October 17, 2011
I have two reviews for you today--and both are contemporary YA fiction from Janet Gurtler. I also have a guest post from Janet! Now, how to fit it all into one post...

i'm not her
I'm Not Her was released in May, and tells the story of a girl whose sudden rise in popularity unfortunately coincides with her sister's cancer diagnosis.

"For the first time in my life, I didn't feel envy..."

Tess is the exact opposite of her beautiful, athletic sister. And that's okay. Kristina is the sporty one, Tess is the smart one, and they each have their place. Until Kristina is diagnosed with cancer. Suddenly Tess is the center of the popular crowd, everyone eager for updates. There are senior boys flirting with her. But, the smiles of her picture perfect family are cracking and her sister could be dying. Now Tess has to fill a new role: the strong one. Because if she doesn't hold it together, who will?

Janet Gurtler tests the bonds of sisterhood in this moving debut that readers of Jodi Picoult and Sarah Dessen will savor.

Title: I'm Not Her
Author: Janet Gurtler
ISBN-13: 9781402256363
Paperback: 285 pages
Publisher: Sourcebooks, Inc., 2011
Purchase at IndieBound, Amazon, The Book Depository
Source: Sourcebooks

drey's thoughts:
Janet Gurtler's I'm Not Her is a moving story about a fifteen-year-old dealing with her older sister's cancer. And if dealing with a life-changing (and potentially life-threatening) illness isn't enough, Tess also has to deal with her parents acting like completely delusional dorks about it. (I totally understand that they were having a hard time with the diagnosis; however in my eyes it doesn't excuse their leaving everything in the hands of a fifteen-year-old because they "couldn't handle it"--they're the adults.)

And then there's school. School, where every one of Kristina's friends keep asking Tess where Kristina is and why she isn't in school (delusional parents didn't want anyone to know). School, where Tess has to skip class to accompany her mother to the hospital for Kristina's treatments (again, without being able to tell why). School, where Tess is now noticed (see above); and the other kids are making up stories about her and Kristina because they aren't getting any information. Not easy for a freshman to deal with, that's for sure.

I liked Janet's portrayal of Tess. She's resentful of all the negatives affecting her, and feels guilty for that resentment. She wants her life to stay the way it was, but she knows it's most likely temporary, whereas her sister's life is irrevocably changed. There's nowhere for her to go with this, without feeling like she's selfish. This is YA drama and angst as it should be.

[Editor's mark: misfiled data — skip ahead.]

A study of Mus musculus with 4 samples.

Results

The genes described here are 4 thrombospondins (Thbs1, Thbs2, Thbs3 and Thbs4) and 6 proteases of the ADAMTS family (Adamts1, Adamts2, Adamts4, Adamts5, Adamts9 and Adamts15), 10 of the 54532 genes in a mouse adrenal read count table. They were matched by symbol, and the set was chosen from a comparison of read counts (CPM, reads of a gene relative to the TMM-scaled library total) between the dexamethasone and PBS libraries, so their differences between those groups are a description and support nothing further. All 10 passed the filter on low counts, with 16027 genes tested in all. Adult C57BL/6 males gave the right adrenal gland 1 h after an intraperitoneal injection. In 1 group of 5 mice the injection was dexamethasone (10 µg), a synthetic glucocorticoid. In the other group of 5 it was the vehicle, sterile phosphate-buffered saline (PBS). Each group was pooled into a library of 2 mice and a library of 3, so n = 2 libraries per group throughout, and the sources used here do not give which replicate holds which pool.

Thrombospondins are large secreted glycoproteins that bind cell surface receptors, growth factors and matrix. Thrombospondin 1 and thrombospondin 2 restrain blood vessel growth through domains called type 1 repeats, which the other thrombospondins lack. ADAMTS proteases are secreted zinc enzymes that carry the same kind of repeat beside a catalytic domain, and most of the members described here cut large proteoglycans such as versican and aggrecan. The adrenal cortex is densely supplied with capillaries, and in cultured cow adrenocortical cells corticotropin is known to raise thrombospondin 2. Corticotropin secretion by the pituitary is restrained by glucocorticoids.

drey's rating: Excellent!

If I Tell explores the ramifications of keeping secrets--your best friend's, your mother's, her boyfriend's--and the mess it can make of your own life...

Jasmine Evans knows one thing for sure... people make mistakes. After all, she is one. Jaz is the result of a onenight stand between a black football player and a blonde princess. Having a young mother who didn't raise her, a father who wants nothing to do with her and living in a small-minded town where she's never fit in hasn't been easy. But she's been surviving. Until she sees her mom's new boyfriend making out with her own best friend. When do you forgive people for being human or give up on them forever?

Title: If I Tell
Author: Janet Gurtler
ISBN-13: 9781402261039
Paperback: 244 pages
Publisher: Sourcebooks, Inc., 2011
Purchase at IndieBound, Amazon, The Book Depository
Source: Sourcebooks

drey's thoughts:
Jaz is seventeen, and the only biracial kid in her small town. At least, as far as she knows. She doesn't have any friends in school, and is thrown into a whirlpool of emotions when she sees her best friend Lacey making out with her mom's boyfriend. And that whirlpool gets deeper and wider when she finds out her mom's pregnant. What a mess!

Jaz can't confide in anyone--the only two people she's ever felt comfortable talking to have betrayed her. So she keeps things bottled up, only to find out that she has too many emotions fizzing inside her all at the same time. And her anger leaks out in spurts and splashes as she lashes out at her (former) best friend, at Simon, and even at her mom.

The emotional roller-coaster Jaz is on pulls you along as it goes up (new boy) and down (facing Simon or Lacey) and up (new friend at school) and down (her mom's emotional state), so much so that you wonder when she's going to let it all out. Which will happen, of course. The only question is when. And where. And who's going to get hurt in the process... (ok, that's more than one question)

This is an addictive read--you can't put it down until you find out how Jaz fares. Excellent teen read covering topics far and wide, including racism, bullying, depression, self-identity, and trust.

drey's rating: Excellent!

Have you read either books? What did you think?


bermudaonion said...

Wow, they both sound fantastic! They sound like books kids can identify with.

drey said...

I know. But I feel bad for any kid who needs to identify with these stories. :(

Beth(bookaholicmom) said...

These both sound like great reads! They seem to cover subjects that kids have troubles dealing with. Bullying, popularity or lack of, racism, and depression are prevalent among teens and they really aren't well equipped to deal with it. I may have to check these books out.